July 1, 2012, will mark the 50th anniversary of the birth of medicare in Saskatchewan, the forerunner of Canada’s national medicare system. It was not an easy delivery. In the summer of 1962, Saskatchewan was beset by a doctors’ strike intent on preserving physician privileges and opposing public health care.
Fifty years later, Canada’s medicare system is again under threat. Harper’s Conservatives have unveiled a plan to scale back health-care funding, destroying medicare as we know it. The ideology of neoliberalism has taken root over the past two decades, and austerity and privatization remain capital’s preferred strategy. But there was a different alignment of political players and social movements 50 years ago when medicare was first fought for.
Saskatchewan might seem like an unlikely place to have established North America’s first comprehensive, government-run, single-payer health-care program. But it is precisely this hinterland province’s experience with hardship and struggle that set the stage for progressive economic and social reforms.
By the 1920s, Prairie farmers had developed strategies for challenging the control of large monopolies by forming co-operatives, in particular the Saskatchewan Wheat Pool. The economic crisis of the 1930s hit Saskatchewan harder than most provinces, and the farmer and labour movements were hard put upon. In 1932 they formed the Co-operative Commonwealth Federation (CCF), and in 1933 declared their Humanity First principle with the Regina Manifesto. The manifesto called for the dismantling of the capitalist system in favour of “an economy in which our natural resources and principal means of production and distribution are owned, controlled and operated by the people,” and further proposed a publicly funded health-care system.
When Saskatchewan elected the first, and only, CCF government in 1944 under the leadership of Tommy Douglas, farmers and workers who were struggling to pay hospital and doctor’s bills expected action. From the outset, the CCF initiated important health-care reforms, including North America’s first comprehensive hospital insurance plan. When the federal government followed suit by providing funding for similar provincial hospitalization plans, Tommy Douglas announced in 1959 that a CCF government would enact a comprehensive health care plan if re-elected in the 1960 provincial election.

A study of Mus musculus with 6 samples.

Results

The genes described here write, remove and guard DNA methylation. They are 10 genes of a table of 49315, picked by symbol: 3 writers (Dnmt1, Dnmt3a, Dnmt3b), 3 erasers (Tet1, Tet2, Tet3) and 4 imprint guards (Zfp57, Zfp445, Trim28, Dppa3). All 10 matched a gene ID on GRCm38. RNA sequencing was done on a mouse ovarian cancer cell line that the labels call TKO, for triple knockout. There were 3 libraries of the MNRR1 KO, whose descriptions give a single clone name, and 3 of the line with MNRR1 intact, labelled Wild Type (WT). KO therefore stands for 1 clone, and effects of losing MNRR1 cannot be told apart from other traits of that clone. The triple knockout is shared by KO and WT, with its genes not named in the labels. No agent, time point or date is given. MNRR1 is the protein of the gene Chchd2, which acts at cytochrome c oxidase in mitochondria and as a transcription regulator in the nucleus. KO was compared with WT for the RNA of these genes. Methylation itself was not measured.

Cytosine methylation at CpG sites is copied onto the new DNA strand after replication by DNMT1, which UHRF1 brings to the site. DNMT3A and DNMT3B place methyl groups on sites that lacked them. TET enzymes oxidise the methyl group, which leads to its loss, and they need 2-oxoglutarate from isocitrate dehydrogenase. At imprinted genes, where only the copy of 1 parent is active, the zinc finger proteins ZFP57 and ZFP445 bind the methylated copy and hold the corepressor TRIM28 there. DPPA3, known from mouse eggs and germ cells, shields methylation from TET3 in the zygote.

This was the beginning of what would become a bitter battle between the CCF-NDP governments of Tommy Douglas and Woodrow Lloyd and the North American medical establishment. From the provincial election campaign of 1960 until the end of the Saskatchewan doctors’ strike in July 1962, the issue of public medical insurance polarized provincial politics to a greater extent than at any time in the 20th century.
When the Saskatchewan Medical Care Insurance Act was implemented on July 1, 1962, doctors responded by launching a province-wide strike. Other opponents of medicare included almost the entire economic elite in the province, a reactionary local media, and a vast array of right-wing politicians who mobilized for the occasion. Together they mounted a campaign to stop “socialized medicine” from establishing a foothold in North America. Their campaign drew upon racial slurs directed at doctors recruited from abroad, red-baiting, and threats of violence. The interests behind the campaign were bent not only on stopping government-administered medicare, but rallying people to rid the province of socialism.
This battle proved to be a watershed in the development of the Canadian welfare state. The CCF government and their labour and agrarian allies, buttressed by socialist activists and a small but courageous minority of doctors, battled the opposing forces to a draw after a 23-day walkout, bringing medicare to Saskatchewan.
The federal political forces in Canada at the time were uniquely aligned to follow Saskatchewan’s lead, and under pressure from many sources, Prime Minister John Diefenbaker appointed Chief Justice Emmett Hall to lead a royal commission on health care in Canada. The report of the Hall commission was made amid much controversy in 1964, but within a few years, a national medicare system was introduced under a minority Liberal government with the support of all parties in the House of Commons.
The advances of the 1960s and ’70s were soon eclipsed by the neoliberal project of the Reagan-Thatcher-Mulroney era. Cuts to health care, education, and other services continued under the Liberals, and are now being pushed by Harper’s neo-cons in ways that fundamentally undermine the universal and public character of our health-care system.
As we celebrate medicare’s 50th anniversary here in Saskatchewan, we must roll up our sleeves and prepare to again engage the forces that oppose public health care. We must once more organize not only to defend and improve medicare but also to propose a bold alternative to the current economic system, an alternative that puts people before profits, and humanity first.